Rant alert. Far be it from us to lavish praise on Tesco; they were regularly up in front of the Beak having their knuckles rapped for screwing supplier margins into the ground, but they didn’t get as big as they are by accident. One suspects that in no small part is because they encouraged customer loyalty, even giving their shoppers a nice little card to carry around, make them feel good and get a little knocked off their fuel bills. Clever. Many other organisations now do the same, but Tesco, if not one of the first, certainly were very successful with it.
Trying to develop customer loyalty is no more than common sense. A few years back, the RAC had a membership structure that reduced the annual costs, provided of course you didn’t need to call them out, so that the longer you stayed with them, the more effectively you saved, on what should be called breakdown insurance, until you reached the lowest annual ‘tariff’. Even the pubs a while ago were trialling a beer incentive of getting your seventh pint free. No, as far as I know the offer wasn’t restricted to any given night, rather as an ongoing, stamp your card promotion. We’d all be able to recall many other such schemes.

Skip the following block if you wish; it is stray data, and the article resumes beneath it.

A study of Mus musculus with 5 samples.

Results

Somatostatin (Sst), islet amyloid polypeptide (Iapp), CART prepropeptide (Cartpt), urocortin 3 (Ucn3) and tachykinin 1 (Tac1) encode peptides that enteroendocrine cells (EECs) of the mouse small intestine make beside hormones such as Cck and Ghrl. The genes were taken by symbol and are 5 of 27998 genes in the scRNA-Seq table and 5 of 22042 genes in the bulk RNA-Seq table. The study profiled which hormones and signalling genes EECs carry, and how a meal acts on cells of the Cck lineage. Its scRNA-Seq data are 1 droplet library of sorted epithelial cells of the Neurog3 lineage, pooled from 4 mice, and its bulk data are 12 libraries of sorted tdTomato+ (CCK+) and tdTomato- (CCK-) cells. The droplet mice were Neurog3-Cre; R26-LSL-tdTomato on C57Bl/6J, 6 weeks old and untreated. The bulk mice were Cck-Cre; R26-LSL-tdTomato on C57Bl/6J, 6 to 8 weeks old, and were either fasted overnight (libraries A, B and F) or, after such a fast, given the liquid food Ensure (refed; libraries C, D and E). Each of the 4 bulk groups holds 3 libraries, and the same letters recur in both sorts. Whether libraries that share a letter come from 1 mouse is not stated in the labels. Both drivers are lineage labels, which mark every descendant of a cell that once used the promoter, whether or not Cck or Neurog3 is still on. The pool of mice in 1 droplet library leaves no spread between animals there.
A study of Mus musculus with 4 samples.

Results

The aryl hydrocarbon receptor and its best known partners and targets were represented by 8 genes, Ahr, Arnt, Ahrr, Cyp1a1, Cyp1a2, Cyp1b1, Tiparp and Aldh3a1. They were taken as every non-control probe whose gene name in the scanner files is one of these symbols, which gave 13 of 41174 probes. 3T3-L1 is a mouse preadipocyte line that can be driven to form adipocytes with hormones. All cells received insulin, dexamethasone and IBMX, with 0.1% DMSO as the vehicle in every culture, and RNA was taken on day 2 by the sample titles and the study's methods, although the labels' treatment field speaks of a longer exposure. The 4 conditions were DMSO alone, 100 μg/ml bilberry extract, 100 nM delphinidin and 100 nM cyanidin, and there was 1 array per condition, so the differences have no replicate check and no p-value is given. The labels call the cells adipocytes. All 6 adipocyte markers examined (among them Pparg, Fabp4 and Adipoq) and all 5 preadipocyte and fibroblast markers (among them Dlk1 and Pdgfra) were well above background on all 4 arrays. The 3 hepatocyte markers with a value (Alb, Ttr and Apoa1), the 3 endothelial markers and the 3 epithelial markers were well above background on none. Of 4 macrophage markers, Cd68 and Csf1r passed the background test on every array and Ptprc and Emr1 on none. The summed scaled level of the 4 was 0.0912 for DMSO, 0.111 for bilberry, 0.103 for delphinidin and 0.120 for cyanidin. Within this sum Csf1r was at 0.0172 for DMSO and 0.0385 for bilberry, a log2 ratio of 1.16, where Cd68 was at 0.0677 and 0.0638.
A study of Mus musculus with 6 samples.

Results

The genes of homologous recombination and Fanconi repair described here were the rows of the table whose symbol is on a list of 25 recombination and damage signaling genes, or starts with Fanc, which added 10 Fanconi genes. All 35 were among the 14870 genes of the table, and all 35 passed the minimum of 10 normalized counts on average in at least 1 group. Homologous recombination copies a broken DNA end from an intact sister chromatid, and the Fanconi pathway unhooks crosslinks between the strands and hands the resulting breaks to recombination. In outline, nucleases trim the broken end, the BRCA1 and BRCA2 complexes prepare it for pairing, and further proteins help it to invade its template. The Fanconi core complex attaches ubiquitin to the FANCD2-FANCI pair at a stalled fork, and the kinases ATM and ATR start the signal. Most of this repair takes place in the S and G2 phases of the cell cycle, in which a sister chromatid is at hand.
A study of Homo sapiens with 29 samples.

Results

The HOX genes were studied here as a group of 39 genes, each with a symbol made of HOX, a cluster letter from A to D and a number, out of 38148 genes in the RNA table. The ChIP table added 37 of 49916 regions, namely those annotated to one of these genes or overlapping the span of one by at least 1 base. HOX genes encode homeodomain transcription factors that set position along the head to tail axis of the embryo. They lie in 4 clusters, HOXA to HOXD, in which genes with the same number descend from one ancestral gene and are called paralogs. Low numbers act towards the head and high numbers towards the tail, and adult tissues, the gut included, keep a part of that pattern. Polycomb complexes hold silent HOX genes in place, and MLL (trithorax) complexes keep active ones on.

There are, of course, very good reasons for doing this. In order to attract new customers, marketing, sales and patience are all deployed, and they all have associated costs, and therefore the cost of acquisition is factored into business planning. All organisations with customers budget for cost of acquisition. Here comes the rant. So why do utilities and telecoms companies offer ‘sweeteners’ to new customers and ignore the loyalty of their faithful existing clients? Of course, they’re after the ‘switchers’. But surely, by incentivising the switcher rather than the existing, all that can happen is more existing customers will morph into switchers. This, in turn, leads to a fluid and unreliable client base which as anyone in business will tell you, is to be avoided at all costs.
If we were to come into your organisation with a marketing plan that would transform what was a great, steady and collaborative client base into a quivering mass of uncertainty and would quadruple your marketing spend, we would expect to be shown the door pretty sharpish. Yet some bright sparks seem to have thought that was a good idea. So, all utilities and telcos, best not talk to us, eh? We think our clients do like stability and customer loyalty, and they don’t like spending four times than they need to on marketing. Come on chaps, figure it out.